Multilevel effects of alcohol among early adolescents in an urban school district

  • Julie M. Croff Oklahoma State University
  • Ronald B. Cox Oklahoma State University
  • Isaac J. Washburn Oklahoma State University
  • Chao Liu Department of Psychology, Cedarville University, Cedarville, OH
  • Clinton L. Broadbent Department of Teacher Education & Family Development, Southern Utah University, Cedar City, UT
Keywords: alcohol use, partent involvement, peere deviance, middle school, culture


Aims: To examine how interpersonal interactions within and between the social networks formed by teachers, parents, students, and others shape the unique culture of the school, which in turn, reciprocally exerts a determining influence on each individual in the network.

Design: Cross-sectional study exploring whether factors associated with alcohol use at the individual level also exert influence on the culture of a school.

Setting: Twelve middle schools within an urban school district in the Midwestern United States.

Participants: Seventh grade students (N = 1,620).

Measures: Lifetime alcohol use behaviors; mothers’ and fathers’ involvement in their child’s education; and peer deviance.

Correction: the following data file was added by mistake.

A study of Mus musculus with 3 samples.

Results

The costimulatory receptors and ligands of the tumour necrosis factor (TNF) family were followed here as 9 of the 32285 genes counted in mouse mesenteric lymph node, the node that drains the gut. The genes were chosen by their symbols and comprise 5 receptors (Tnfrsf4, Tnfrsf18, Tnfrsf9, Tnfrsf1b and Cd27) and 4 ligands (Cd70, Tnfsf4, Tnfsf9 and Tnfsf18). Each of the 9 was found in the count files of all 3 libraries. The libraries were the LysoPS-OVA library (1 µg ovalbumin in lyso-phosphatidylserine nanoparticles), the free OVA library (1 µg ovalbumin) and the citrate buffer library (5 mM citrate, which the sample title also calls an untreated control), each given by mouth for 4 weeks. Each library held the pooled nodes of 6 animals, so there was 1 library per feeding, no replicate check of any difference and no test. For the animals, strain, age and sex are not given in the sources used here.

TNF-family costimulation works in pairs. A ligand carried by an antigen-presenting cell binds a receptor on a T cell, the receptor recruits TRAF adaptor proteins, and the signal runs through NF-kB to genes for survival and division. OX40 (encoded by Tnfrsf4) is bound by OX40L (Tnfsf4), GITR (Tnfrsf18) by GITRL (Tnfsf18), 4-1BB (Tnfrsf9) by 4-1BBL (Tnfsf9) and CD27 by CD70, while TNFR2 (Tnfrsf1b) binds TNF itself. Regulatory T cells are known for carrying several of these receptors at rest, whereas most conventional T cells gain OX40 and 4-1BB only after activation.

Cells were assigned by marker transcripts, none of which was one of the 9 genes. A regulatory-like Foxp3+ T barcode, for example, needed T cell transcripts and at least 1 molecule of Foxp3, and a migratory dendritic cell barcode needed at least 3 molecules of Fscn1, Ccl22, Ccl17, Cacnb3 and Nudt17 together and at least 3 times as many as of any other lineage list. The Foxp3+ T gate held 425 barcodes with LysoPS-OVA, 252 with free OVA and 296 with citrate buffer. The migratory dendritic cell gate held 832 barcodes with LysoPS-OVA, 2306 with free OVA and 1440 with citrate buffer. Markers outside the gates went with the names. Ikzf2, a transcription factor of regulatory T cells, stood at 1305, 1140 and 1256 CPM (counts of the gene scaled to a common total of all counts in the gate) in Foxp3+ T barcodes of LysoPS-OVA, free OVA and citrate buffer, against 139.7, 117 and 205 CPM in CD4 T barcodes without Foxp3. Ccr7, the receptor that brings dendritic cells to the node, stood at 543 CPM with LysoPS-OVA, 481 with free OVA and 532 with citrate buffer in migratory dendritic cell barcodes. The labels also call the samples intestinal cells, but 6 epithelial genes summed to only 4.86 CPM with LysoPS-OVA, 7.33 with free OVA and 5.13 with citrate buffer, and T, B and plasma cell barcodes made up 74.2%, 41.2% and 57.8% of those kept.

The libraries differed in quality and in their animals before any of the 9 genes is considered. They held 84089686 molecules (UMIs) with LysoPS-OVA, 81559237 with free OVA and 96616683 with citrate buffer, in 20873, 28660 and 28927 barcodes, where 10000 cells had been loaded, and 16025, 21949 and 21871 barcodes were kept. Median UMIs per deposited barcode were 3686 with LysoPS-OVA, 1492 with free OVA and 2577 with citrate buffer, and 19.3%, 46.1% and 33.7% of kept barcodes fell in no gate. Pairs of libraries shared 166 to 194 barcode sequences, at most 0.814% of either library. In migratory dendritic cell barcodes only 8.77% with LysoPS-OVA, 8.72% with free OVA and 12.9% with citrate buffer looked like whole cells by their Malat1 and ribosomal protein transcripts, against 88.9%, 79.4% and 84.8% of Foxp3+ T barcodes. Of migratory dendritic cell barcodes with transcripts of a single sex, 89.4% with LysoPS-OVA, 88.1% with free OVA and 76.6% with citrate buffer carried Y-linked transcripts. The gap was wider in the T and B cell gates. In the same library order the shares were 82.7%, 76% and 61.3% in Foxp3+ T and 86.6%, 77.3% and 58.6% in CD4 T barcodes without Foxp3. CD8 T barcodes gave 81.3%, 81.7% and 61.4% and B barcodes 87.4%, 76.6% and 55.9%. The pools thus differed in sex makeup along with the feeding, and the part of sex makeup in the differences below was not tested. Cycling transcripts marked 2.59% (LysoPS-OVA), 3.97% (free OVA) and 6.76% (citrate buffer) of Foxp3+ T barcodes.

Findings: The findings of this study suggest that as parents’ involvement in education increases, and as peer deviance decreases, there are direct benefits to the child, and a protective effect for other children within the school when, in the aggregate, parental involvement increases and peer deviance decreases.

Conclusions: The effect of interventions to improve parent involvement and reduce peer deviance, with examinations at the individual-level and school-level, warrant future study.

How to Cite
Croff, J., Cox, R., Washburn, I., Liu, C., & Broadbent, C. (2020). Multilevel effects of alcohol among early adolescents in an urban school district. International Journal of Alcohol and Drug Research, 8(2), 88-94.